If not I, who will watch you while you sleep?
We have to climb to see the sunshine. At 40,000 feet, the clouds seem like a vast snow-blasted landscape–blue shadows of the distance like linking pools of half-frozen water. It is a landscape without trees, just the long arc of the atmosphere curving away in the distance. The sun is bright and hot–it seems as if it has been days since I’ve felt its heat and blare, the sting of so much light in my eyes.
Behind us the drawn blue curtains; the early night; the frozen sea; the icy hard ground; the clumps of ice beneath the post box; the bare trees fingering into a lowering grey sky; the fire crackling in the stove and throwing off sparks.
We are flying to Mexico and I have just finished reading Deborah Levy’s Hot Milk (2016). I am relieved to be leaving the world of winter and constant connectedness, and this story, built around fright and courage and medusa stings, speaks to me. The book is psychologically astute and hauntingly written; it is fitted together like a poem: every sign counts. Towards the end of the book the narrator speaks of the importance of freeing herself from the screen so that she may enter, and experience, the pain and exhilaration of life.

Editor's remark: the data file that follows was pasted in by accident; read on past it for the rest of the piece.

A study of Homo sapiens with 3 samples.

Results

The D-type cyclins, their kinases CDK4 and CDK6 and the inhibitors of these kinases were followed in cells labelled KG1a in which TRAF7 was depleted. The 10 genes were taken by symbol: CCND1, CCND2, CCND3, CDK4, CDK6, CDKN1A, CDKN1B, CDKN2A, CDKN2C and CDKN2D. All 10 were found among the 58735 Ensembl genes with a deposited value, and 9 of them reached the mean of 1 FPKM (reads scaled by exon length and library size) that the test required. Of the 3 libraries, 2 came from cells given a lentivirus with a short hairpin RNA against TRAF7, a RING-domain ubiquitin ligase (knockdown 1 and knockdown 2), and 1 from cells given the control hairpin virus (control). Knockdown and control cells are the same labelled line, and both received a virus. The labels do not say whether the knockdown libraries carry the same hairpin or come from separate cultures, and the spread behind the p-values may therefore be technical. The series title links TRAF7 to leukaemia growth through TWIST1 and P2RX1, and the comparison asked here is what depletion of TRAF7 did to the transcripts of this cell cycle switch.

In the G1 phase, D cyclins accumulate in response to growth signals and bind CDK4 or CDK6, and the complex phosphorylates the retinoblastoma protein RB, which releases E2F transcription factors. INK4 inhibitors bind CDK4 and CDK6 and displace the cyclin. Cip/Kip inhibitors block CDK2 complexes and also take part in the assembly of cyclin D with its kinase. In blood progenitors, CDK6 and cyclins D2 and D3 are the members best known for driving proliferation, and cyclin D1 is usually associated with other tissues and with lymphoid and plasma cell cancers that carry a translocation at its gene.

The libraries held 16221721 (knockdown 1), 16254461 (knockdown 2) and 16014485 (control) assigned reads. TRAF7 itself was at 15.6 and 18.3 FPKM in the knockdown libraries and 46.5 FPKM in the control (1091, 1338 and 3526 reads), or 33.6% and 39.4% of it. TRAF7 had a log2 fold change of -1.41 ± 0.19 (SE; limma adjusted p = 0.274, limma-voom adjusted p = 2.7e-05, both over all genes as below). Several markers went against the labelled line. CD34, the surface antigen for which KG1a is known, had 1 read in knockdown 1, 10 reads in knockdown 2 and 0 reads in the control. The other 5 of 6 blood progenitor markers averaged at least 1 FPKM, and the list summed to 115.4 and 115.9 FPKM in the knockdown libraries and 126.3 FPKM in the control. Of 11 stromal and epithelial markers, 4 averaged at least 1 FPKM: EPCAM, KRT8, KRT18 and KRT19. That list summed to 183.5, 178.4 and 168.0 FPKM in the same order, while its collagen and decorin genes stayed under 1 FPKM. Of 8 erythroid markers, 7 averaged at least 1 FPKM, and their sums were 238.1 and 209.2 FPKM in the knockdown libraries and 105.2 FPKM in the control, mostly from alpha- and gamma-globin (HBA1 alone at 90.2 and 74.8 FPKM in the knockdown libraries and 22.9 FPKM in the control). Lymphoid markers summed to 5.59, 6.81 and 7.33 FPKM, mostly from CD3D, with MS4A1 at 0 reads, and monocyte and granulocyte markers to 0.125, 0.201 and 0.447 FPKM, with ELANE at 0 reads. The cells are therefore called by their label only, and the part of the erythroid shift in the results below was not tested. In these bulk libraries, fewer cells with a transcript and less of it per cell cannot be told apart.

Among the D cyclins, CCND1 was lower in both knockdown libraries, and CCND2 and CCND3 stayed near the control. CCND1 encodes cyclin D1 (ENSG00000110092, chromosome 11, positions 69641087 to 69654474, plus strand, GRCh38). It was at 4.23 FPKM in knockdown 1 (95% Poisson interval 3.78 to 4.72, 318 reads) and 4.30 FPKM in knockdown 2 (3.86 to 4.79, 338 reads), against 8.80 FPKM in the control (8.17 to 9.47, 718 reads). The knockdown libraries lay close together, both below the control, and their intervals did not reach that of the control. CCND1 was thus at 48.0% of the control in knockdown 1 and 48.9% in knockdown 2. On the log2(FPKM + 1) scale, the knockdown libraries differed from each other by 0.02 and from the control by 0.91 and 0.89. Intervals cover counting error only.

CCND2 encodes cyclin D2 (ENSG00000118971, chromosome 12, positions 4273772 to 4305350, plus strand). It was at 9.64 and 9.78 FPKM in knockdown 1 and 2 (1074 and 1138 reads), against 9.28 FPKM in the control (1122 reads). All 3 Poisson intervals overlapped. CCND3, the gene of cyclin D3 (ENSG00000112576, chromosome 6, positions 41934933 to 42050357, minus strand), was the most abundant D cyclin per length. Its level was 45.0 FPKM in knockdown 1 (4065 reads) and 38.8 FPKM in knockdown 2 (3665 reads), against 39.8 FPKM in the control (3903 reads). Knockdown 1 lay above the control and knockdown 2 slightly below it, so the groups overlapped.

“My mind is like the edge of motorways where foxes eat the owls at night. In the starfields, with their faintly glowing paths running across the screen, I have been making footprints in the dust and glitter of the virtual universe. It never occurred to me that, like the medusa, technology stares back and that its gaze might have petrified me, made me fearful to come down, down to Earth, where all the hard stuff happens, down to the checkout tills and the barcodes and the too many words for profit and the not enough words for pain” (216).
I feel the pull, the allure of not-quite living in my own skin, the attractiveness of getting lost in the ether. Not to come down. Not to feel the consequences of my own choices, their finitude, my finitude, the way they remake my possible universes. But also not to enter a space of reality, emotional honesty. This too is the allure of so much of contemporary life. The man seated next to me plays Angry Birds and Pop the Pig for hours on his screen; he’s hellbent on not thinking. I recall the endless rows of kiosks and storefronts in the airport, as if traveling can only be framed by manic spending; this is also a way of warding off any moment when nothing might be happening, and your thoughts can sneak in. I put my book down, close up my table, square my shoulders and sit there, looking and thinking, daring my thoughts to arrive.